Atlas Fractures

These fractures account for 5-10% of all cervical spine injuries and 2% of all spine injuries. These are frequently seen in younger age groups and commonly result from motor vehicle accidents. In multiple trauma patients, they are usually associated with head injuries. They usually occur in combination with occipital condylar fractures or fractures of C2, such as dens fractures. A classification involving four types of fracture patterns has been described. These fractures involve the posterior arch, the lateral masses, Jefferson fractures and the horizontal fracture of the anterior arch (Fig. 22.3).

The posterior arch fractures are the most common. They are thought to occur due to a combination of hyperextension forces associated with axial loading. They can be seen in association with anterior teardrop hyperextension injuries of C2. An isolated fracture of this type can be treated safely in a cervical orthotic device for 8-12 weeks, since there is no disruption of the ligamentous structures. The union rates for this kind of injury are very high.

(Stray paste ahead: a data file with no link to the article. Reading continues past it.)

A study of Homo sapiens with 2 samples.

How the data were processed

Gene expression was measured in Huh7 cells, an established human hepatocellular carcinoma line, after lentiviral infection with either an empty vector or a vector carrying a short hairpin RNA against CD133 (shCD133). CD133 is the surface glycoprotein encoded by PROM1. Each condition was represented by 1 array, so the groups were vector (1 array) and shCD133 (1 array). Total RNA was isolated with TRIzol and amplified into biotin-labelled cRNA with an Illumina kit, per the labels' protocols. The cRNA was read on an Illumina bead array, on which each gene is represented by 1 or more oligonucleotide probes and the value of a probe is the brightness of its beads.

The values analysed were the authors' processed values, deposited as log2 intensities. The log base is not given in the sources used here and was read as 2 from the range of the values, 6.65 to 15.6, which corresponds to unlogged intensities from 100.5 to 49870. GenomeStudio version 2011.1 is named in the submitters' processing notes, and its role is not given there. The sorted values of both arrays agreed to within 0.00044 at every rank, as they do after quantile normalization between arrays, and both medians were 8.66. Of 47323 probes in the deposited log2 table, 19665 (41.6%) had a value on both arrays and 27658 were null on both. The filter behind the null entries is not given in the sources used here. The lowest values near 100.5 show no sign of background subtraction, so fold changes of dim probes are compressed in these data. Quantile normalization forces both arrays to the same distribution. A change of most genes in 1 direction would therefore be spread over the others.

Axial loading associated with lateral bending results in a lateral mass fracture of C1. Usually identified in the open-mouth view, an asymmetry of the lateral masses of the atlas prompts further imaging by way of CT scanning. C2 and condylar fractures can also be better appreciated with CT. Lateral displacement of less than

2 mm usually indicates a stable injury, which can be safely treated with cervical orthosis.